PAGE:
SPECIAL TO THE WEB
Robert Tie, CFE, CFP
Contributing Editor, Fraud Magazine
A young man walked into a Sony retail store in Central Valley, New York not long ago. With the help of a salesperson, he selected a wide-screen television, a sound system and a laptop. The total cost of these items was nearly five figures.
"And what payment method will you use today?" the salesperson asked as they approached the counter.
"A couple of gift cards," the customer said, presenting them.
The salesperson, who happened to be the store manager, looked at him for a moment. "Let's see how much is on them," she said. Running the first card through a special reader, she squinted at the display, and passed the card through again. After double-checking the second card as well, she told the customer, "Each of these is supposedly worth $5,000." She laid both cards on the counter and wrote their serial numbers on a scrap of paper.
"Yup," the man said. "Everything alright?"
"These are extraordinarily large denomination cards. So I have to ask you for some identification," the manager replied.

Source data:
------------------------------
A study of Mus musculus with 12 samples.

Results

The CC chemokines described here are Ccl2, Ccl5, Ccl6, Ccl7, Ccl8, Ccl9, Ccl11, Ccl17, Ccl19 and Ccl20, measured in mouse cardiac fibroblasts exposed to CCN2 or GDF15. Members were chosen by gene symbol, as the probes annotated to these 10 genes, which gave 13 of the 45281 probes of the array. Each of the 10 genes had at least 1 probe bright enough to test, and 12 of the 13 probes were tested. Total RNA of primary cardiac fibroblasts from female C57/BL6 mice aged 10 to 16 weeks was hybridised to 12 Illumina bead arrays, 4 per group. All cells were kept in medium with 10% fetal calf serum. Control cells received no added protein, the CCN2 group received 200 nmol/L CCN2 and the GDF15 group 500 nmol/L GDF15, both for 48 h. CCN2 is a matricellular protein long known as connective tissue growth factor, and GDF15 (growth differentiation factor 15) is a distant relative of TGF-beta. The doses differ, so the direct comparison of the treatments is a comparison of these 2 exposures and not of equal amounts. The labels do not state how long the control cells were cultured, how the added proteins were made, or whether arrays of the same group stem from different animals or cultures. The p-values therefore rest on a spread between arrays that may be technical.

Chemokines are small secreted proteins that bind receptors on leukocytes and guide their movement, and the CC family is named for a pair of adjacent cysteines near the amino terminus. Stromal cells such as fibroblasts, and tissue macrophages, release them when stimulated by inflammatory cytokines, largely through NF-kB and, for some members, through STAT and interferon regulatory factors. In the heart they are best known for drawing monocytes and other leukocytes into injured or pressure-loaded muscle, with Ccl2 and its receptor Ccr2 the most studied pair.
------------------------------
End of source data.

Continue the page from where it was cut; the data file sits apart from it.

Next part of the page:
"Absolutely," the customer said, patting his pockets as he snatched up both cards. "But I think I left my wallet in the car."
"I see," the manager answered. "I'll be back in a moment."
Inside a black glass dome on the ceiling above the service counter, one of the store's digital video recorders took in the entire scene. It captured no sound, but was placed to view both sides of the counter. Nearby, other cameras took side-profile footage of that area and the entire store.
These devices recorded how, when the manager turned away, the customer quickly left the store and blended into the crowd of passing shoppers. A moment later, the manager was on the phone to Sony's corporate office in New Jersey. Soon she was reading the serial number of each card to Lynn Schiess, CFE, LPQ, LPC, who at that time was a fraud specialist in Sony's loss prevention unit. (Schiess now is a loss prevention auditor with apparel manufacturer Lacoste.)
Schiess discovered that the cards had been purchased recently in a nearby store that had been closed for more than a year. That just didn't add up. Clearly, someone — perhaps an employee in another store — had coded the cards in an unorthodox manner, which cast doubt on whether Sony had ever received payment for them. As Schiess would eventually learn, Sony's internal controls at the time didn't provide for post-transaction assessments of how customers had paid for gift cards. And that turned out to be a major unmitigated fraud risk.
Read how Schiess improved his company's internal controls in the full article on Fraud-Magazine.com.